Compression Ratio

An engine's compression ratio is a key factor in how the engine will perform. Generally, engines with high compression ratio (10:1 and higher) have less resistance to detonation and require high octane gas. Engines with high compression ratios are generally not used in forced induction since the margin for error is greatly reduced. Compression ratio is a fiercely debated subject. This article is not about what compression ratio is "the best" is about how to calculate it and how to achieve a desired compression ratio.

On the surface, calculating your compression ratio seems like a very simple task. You can find it using this formula:

Unfortunately, it's just not that simple. As an example, let's look at two Honda D series engines: the 88-91 D16A6 and the 86-87 D16A1. Both engines have a 75mm bore and a 90mm stroke. They have approximately the same compression ratios (9.1:1 for the D16A6 and 9.3:1 for the D16A1). You would think that inside, they must be very similar and that maybe the D16A1's piston has a little more dome to it? The combustion chambers and pistons in these engines are actually substantially different.

D16A6 (88-91 CRX Si), 9.1:1 compression

D16A1 (86-87 Integra), 9.3:1 compression

As you can see, the Integra's combustion chamber is way bigger than the CRX's combustion chamber. It's has over 15% more volume. However, the Integra piston has a dome and the CRX piston has a dish. Simply put, the center of the Integra piston protrudes upward into the combustion chamber. The center of the CRX piston does the opposite.

This is a graphical illustration of why it is a very bad idea to just call a piston manufacturer up and say "I need 9:1 compression pistons for xyz engine.". Chances are, they have made certain assumptions that may or may not be true. For example, did they use a stock headgasket or a thicker one? What if I am not using the stock head?

To accurately calculate compression ratio, you must know several things:
1) The bore of the cylinder
2) The stroke of the cylinder
3) The volume of the combustion chamber
4) The compression height of the piston (Ask for this from the piston manufacturer)
5) The dome/dish volume of the piston (Ask for this from the piston manufacturer)
6) The piston-to-deck clearance (See this article on piston-to-deck clearance.)
7) The thickness of the headgasket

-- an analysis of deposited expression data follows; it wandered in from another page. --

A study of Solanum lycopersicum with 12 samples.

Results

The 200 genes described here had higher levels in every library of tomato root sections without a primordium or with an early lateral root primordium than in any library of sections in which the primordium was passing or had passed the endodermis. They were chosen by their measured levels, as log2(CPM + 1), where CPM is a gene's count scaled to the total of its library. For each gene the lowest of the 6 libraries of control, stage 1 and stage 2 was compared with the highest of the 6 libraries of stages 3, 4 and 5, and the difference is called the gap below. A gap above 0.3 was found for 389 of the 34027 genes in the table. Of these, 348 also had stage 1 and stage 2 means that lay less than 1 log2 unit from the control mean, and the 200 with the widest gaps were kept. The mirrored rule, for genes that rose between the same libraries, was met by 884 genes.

8) The bore of the headgasket

It sounds like a lot, but if you're going to do this right, do not skip out on the details!! Know everything about the parts going into your engine. The actual formula for calcuting compression ratio based on the above variables is extremely long, complex, and leaves a lot of room for errors. Instead of trying to calculate by hand, I prefer to use C-SPEED Racing's excellent compression calculator.

Filling in the above, we have the following numbers for a stock 86-87 Integra.
1) Bore = 75mm
2) Stroke = 90mm
3) Combustion Chamber volume = 43.8cc
4) Compression Height = 1.181"
5) Dome = +1.5cc
6) Piston-to-Deck clearance = 0.000"
7) Headgasket thickness = 0.048"
8) Headgasket bore = 76mm
Plugging in the above numbers yields: 9.3:1 (as expected)

Now, let's take a look at my engine with Endyn's Rollerwave pistons. We have the following measurements:
1) Bore = 75.5mm (0.5mm oversized pistons)
2) Stroke = 90mm
3) Combustion Chamber volume = 43.8cc
4) Compression Height = 1.174" (stamped on the side of the box)
5) Dish = -6.25cc (given to me by Larry)
6) Piston-to-deck clearance = 0.006" (See article mentioned above)
7) Headgasket thickness = 0.040" (Cometic tri-layer steel gasket)
8) Headgasket bore = 76mm (per Cometic)
Plugging in the above numbers yields: 8.3:1

That compression ratio is a little too low for what I want to do. I'm aiming for 8.8-9.0:1. This will spool the turbocharger faster and make off-boost driving more manageable. So what happens if I mill the head .030"? The easiest way to simulate this using the C-SPEED calculator is to decrease the thickness of the headgasket. In my engine, the effect of milling the head by .030" can be simulated by reducing the headgasket thickness from .040" to .010".

When I do this, I get that the compression ratio will be: 8.8:1

There are limits to how much you can mill your head, deck your block, or thin out your headgasket. Generally, any combination of the 3 that results in a loss of .040" or less is safe. However, to be sure, you must measure piston-to-valve clearance using clay (more on that later). Additionally, any combination of the 3 alters the camshaft timing in relation to the crankshaft. Adjustable camshaft gears (a common item on a performanc engine) can correct this.